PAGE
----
There was an op-ed in the Washington Post on Saturday that really got to me--by Kathleen Parker. She begins by castigating the president of Iran, and then begins to talk about how he has a point about women in the Western armed services. She then contorts her pathetic little brain into loop-de-loops about women, the military, and rape, arguing that women don't belong in the armed services because they will be raped by enemy soldiers (let alone the fact that the only people U.S. servicewomen say have raped them are fellow U.S. male soldiers), and concludes that the idea of women in the armed forces is aiding and abetting the enemy. Because the president of Iran has a hang up about this?
The "argument" is of course unsubstantiated by either example or fact. She brings up familiar canards, like Western women needing/wanting to act like men. Like women being the most important nurturers of small children and belong in the home. The retrograde ferocity is staggering. The language bombastic and meant to provoke. Shock-jock. An Ann Coulter wannabe. How like a man these women are, who purposefully try to provoke and antagonize--if they behaved like the ladies they advocated as role models for women, well, then, I suppose they wouldn't be in the paper.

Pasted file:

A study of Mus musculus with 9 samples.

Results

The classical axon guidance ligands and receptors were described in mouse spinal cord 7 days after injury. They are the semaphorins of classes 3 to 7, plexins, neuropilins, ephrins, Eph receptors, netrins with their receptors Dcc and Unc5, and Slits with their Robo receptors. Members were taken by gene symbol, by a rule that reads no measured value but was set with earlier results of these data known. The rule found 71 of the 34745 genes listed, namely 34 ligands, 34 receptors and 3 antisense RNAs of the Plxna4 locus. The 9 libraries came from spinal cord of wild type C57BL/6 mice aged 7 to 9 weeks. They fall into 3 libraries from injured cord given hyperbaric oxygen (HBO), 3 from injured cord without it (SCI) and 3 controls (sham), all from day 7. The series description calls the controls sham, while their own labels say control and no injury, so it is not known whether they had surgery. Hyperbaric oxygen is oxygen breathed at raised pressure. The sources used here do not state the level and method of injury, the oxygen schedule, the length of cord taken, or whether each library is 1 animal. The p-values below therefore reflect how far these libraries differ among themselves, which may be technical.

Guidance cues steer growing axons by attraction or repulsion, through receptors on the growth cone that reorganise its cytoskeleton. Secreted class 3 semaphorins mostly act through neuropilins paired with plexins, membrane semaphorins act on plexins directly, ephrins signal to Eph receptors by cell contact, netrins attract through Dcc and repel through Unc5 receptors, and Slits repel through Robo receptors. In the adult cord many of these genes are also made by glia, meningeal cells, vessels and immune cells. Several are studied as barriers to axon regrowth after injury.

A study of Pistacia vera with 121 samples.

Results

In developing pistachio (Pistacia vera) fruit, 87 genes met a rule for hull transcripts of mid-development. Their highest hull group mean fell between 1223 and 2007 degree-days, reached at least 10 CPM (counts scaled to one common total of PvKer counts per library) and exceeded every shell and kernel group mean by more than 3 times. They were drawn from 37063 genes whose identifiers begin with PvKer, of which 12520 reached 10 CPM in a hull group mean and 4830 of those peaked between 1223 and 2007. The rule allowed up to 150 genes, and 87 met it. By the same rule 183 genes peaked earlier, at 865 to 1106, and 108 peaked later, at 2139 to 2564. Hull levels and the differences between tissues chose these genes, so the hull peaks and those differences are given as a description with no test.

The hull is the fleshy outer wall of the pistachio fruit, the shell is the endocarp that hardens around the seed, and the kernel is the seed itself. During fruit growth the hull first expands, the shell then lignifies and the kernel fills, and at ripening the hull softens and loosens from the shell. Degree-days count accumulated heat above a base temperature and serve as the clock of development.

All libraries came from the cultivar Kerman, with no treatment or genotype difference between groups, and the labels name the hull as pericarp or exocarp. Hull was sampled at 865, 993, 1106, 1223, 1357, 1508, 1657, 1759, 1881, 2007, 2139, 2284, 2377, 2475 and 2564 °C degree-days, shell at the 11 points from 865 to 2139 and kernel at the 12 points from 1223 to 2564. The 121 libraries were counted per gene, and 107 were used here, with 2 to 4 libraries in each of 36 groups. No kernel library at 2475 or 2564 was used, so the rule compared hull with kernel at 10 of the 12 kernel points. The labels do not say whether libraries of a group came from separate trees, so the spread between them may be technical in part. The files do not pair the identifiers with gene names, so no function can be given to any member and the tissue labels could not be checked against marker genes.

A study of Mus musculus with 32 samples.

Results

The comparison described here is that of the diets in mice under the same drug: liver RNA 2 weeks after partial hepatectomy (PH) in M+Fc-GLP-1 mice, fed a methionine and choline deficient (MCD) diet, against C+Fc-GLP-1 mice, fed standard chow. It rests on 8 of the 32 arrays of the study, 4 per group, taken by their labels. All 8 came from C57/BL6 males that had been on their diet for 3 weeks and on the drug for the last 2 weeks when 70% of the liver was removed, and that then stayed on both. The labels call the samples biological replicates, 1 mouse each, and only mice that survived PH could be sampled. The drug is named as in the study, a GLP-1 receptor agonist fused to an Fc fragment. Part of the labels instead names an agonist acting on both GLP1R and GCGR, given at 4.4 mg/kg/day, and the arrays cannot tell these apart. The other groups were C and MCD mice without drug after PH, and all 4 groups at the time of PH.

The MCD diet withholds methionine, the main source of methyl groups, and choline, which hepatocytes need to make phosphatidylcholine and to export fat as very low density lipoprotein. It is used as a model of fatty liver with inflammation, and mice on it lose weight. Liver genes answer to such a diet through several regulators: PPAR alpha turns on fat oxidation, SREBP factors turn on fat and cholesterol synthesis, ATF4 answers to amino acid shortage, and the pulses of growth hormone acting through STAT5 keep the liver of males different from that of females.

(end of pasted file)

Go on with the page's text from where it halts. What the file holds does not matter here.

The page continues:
The Washington Post then "balanced" this op-ed with its ridiculous Republican stereotype of the raving anti-feminist with another op-ed by a female caricature, this time one whose panties were in a bunch about sixth grade homework. Oh, the travails of the stay-at-home mom!
I canceled my subscription to the Post. I've just had it with their inability to grasp that women are more than stereotypes, we're actually people. I contrast the Post to Slate, on which women figure prominently as journalists and editorialists, in equal number and capacity to men, writing thoughtful, well-argued and reasoned pieces that encompass a broad worldview and a female perspective without limiting themselves to stereotype or by subject matter. How hard is this for a major newspaper to grasp?